Wednesday, September 14, 2011
As the end of summer nears, it feels we're over the hill in the garden. We've had a pretty successful year, our first as "farmers". There have been successes, failures, but most of all, a lot of learning, with a growing list of improvements for next year.
Every time we go to the farm we spend a couple hours picking tomatoes. Our favourite this year, by a large margin, has been our black plums. They are technically a paste tomato, but they're so sweet we can't stop eating them fresh. Jesse even did a batch of "black plum ketchup".
The tomato plants that were ridiculously over-producing just a few weeks ago have slowed production considerably over the past weeke They are beginning to show signs of blight–a strong signal that the end is near.
When we planted Brussels Sprouts we wondered if anyone would actually eat them. Oddly enough they have become a favourite for us and the kids. Our three year old asks when we're going to have them on a daily basis.
I think the bad reputation that brussels sprouts have earned is not because of the vegetable at all, it's because of the horrible boil-and-serve way they've been presented to unassuming young children throughout history.
One of the recent surprises in the garden was one of our carrots going to flower. This isn't normal, since carrots are usually biennial. They put energy into building a big root the first year, and then focus on making a flower and seeds the next. Since we're trying to save as many seeds as possible this year, we considered saving the seeds, however the only thing relative around to pollinate them would be a common weed Queen Anne's Lace. Chances are, the cross between the two would make a new plant with a spindly root. Not worth the attempt.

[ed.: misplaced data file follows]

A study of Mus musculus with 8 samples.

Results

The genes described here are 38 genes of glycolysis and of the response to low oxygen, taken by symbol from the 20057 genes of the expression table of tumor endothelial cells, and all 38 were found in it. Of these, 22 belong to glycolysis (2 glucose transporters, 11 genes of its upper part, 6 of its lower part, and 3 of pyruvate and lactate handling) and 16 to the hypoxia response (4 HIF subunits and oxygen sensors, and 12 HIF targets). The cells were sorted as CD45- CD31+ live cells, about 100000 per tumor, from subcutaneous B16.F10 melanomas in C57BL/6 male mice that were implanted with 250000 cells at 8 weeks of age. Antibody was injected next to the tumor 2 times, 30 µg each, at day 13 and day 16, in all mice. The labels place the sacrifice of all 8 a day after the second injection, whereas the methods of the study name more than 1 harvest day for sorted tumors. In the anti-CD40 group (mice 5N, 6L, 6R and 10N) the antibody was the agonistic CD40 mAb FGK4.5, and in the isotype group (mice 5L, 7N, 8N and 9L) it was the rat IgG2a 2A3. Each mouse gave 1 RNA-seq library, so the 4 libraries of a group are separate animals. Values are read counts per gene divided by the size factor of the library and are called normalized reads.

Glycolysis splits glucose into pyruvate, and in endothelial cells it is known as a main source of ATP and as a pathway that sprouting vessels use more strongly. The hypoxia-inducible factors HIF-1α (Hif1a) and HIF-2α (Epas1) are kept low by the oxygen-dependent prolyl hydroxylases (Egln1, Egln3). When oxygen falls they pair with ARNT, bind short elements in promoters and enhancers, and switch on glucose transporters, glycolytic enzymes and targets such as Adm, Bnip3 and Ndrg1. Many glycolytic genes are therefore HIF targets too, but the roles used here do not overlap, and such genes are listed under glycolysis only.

Our pumpkin patch is beautiful with its different shapes, colours, and sizes. From Rouge Vif d'Etampes "cinderella" pumpkins, to giants, to carving and to small pie pumpkins. All but the giant pumpkins are edible, and we'll be preserving as much as possible. Seeds for next year, snacks, and the meat for pies, soups, and other undiscovered uses.
The bounty we have in the pumpkin patch doesn't extend to the melon patch. After having their feet too wet in the spring, all but one watermelon plant survived. And on that one plant, two out of three melons have rotted. We've got lots of hopes pinned on one melon.
The next major thing we need to do is to collect seeds. We planned to save seeds from all of our favorite tomatoes, but with the business of the garden and life in general, many varieties passed us by. Luckily there are a few that we can save seed from, but others will have to be started from leftover seed from this spring or new seed.
Even though summer seems to be near its end, our work carries on in harvesting and preserving so that we will have our little bit of summer all year long.